Lango Oliveira‘s work has a hint of the apocalyptic in it. He has a knack for developing calamity through solid inking and a natural understanding of composition. In his murals, he depicts leviathans whose foreboding and pulsing nature transfers over to his tattoos. An admirer of fantasy, metal, and other cool stuff, Oliveira blends his influences to create a distinct class of tattoo art.
Lango’s work is timeless, in that it takes images fit to accompany medieval fables, and turns them into a modern form of art. There is Japanese influence, as well as a devotion to traditional style tattooing. Oliveira sometimes incorporates a black sort of humor into his art and purely embraces the distorted, catering to our morbid curiosity and fascination with our own repulsion. His more delicate imagery is just as vibrant- splotches of blood are replaced with soft shadows and rosebud lips take the place of bared teeth.
Oliveira is not one to put limits on his creativity. He has been putting his talents to walls for years, spray- painting and creating large- scale murals. These murals are not replicas of his tattoos, nor do they necessarily stick to the same themes. He often works with blockbuster lettering, and does back- to- back pieces that tether your eye to a leather leash and lead it around an entire wall dripping with color. Sometimes demonic, sometimes mythical, Oliveira’s murals exude an infernal aura. This comes through in his tattoos; even though the subject matter is slightly different, the storytelling aspect remains the same, as does the manic elegance.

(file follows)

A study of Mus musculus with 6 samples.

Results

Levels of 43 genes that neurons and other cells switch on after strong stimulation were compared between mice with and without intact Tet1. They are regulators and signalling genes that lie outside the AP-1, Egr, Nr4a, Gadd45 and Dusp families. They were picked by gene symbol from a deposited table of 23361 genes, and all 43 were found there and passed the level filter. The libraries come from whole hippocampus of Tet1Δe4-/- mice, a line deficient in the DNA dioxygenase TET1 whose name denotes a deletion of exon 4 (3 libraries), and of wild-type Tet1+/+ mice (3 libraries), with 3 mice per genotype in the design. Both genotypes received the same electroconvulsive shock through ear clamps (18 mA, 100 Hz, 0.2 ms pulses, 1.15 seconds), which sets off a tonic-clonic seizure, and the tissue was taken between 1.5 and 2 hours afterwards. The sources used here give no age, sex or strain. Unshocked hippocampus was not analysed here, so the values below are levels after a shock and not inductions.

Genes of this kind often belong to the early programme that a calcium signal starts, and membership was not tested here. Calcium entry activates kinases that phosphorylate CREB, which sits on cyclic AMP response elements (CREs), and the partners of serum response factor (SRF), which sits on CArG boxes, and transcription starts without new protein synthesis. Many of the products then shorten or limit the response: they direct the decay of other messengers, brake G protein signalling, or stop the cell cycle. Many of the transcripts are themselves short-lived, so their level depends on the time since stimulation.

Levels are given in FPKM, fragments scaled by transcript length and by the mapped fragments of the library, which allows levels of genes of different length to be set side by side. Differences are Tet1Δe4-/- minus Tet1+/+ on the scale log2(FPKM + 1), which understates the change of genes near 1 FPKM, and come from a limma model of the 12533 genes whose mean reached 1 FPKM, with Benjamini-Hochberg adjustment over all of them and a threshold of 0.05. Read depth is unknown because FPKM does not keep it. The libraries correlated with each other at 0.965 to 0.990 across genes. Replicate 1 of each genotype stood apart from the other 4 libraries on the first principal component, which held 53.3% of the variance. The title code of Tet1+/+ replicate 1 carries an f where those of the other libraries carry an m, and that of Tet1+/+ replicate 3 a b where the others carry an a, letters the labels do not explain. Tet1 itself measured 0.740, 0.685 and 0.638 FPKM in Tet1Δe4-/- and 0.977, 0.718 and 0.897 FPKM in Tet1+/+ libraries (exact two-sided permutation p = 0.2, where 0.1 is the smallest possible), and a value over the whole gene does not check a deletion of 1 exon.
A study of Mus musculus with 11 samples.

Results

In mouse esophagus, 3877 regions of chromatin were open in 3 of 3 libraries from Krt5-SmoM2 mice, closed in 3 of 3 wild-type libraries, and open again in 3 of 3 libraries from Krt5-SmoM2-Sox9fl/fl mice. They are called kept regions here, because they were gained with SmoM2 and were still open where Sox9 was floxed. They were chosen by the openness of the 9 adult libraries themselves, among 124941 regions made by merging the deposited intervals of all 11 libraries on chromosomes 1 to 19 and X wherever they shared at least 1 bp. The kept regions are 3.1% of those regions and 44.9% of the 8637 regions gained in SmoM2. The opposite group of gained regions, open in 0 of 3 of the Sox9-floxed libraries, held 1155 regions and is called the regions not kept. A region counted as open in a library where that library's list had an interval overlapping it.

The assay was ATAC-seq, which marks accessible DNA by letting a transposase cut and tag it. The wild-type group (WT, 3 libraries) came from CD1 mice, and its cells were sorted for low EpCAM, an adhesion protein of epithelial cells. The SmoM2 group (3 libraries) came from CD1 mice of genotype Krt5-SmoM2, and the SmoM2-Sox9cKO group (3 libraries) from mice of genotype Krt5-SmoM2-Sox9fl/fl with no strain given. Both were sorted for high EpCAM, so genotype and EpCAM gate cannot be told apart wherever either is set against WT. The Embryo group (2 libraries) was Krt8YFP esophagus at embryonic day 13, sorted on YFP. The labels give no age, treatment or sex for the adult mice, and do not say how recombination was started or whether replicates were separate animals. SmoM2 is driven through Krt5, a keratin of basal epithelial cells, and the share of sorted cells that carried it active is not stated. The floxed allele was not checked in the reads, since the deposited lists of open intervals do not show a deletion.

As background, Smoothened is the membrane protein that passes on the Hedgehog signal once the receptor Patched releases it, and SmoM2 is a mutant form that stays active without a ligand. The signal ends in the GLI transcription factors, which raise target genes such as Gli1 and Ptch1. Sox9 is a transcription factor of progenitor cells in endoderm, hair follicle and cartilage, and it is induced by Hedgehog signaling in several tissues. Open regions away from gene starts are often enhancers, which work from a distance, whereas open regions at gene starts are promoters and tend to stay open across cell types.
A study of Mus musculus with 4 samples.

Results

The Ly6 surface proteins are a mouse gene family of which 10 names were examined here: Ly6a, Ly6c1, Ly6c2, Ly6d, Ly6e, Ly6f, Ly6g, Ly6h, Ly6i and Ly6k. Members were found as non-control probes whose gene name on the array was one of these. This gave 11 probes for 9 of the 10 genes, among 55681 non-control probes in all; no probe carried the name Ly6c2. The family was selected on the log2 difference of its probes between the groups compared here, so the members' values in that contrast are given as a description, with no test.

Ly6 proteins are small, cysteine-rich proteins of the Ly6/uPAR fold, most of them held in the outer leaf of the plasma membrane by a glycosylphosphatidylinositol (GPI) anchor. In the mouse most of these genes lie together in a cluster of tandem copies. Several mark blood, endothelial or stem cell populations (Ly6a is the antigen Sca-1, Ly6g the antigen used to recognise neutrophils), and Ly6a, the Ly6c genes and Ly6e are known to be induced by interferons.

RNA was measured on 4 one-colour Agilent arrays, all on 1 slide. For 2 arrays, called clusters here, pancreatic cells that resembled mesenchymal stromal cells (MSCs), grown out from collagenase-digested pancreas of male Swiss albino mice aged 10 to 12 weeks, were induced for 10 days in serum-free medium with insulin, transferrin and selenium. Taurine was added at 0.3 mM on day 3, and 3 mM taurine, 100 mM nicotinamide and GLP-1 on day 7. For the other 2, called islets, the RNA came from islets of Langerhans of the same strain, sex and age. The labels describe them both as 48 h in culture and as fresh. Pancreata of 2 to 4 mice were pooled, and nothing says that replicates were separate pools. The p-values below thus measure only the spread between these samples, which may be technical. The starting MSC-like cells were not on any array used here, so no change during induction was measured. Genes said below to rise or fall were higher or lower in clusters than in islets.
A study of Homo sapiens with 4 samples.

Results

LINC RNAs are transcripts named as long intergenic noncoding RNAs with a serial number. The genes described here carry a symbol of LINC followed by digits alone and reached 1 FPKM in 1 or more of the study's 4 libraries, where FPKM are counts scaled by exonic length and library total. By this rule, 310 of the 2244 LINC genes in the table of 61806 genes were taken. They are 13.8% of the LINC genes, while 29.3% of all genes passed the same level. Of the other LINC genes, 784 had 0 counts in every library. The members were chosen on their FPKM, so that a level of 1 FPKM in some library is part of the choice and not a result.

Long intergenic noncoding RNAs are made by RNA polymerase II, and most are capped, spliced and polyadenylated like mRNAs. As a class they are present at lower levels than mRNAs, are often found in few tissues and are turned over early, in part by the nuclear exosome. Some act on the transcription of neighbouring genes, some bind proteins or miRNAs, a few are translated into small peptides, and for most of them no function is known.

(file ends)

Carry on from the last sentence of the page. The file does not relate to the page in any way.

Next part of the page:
Lango’s deeply embedded roots in the subcultures of the youth of Rio de Janeiro give his tattoos a raw credibility as well as a lawless kind of spontaneity that is missing in a lot of the generic tattoo work done today. His style is unmistakable, and serves as proof of a rare imagination; a cross between the Godzilla- sparring dreams of a restless kid and the nightmares of a brother Grimm. Lango Oliveira works out of Black Heart Tattoo in San Francisco.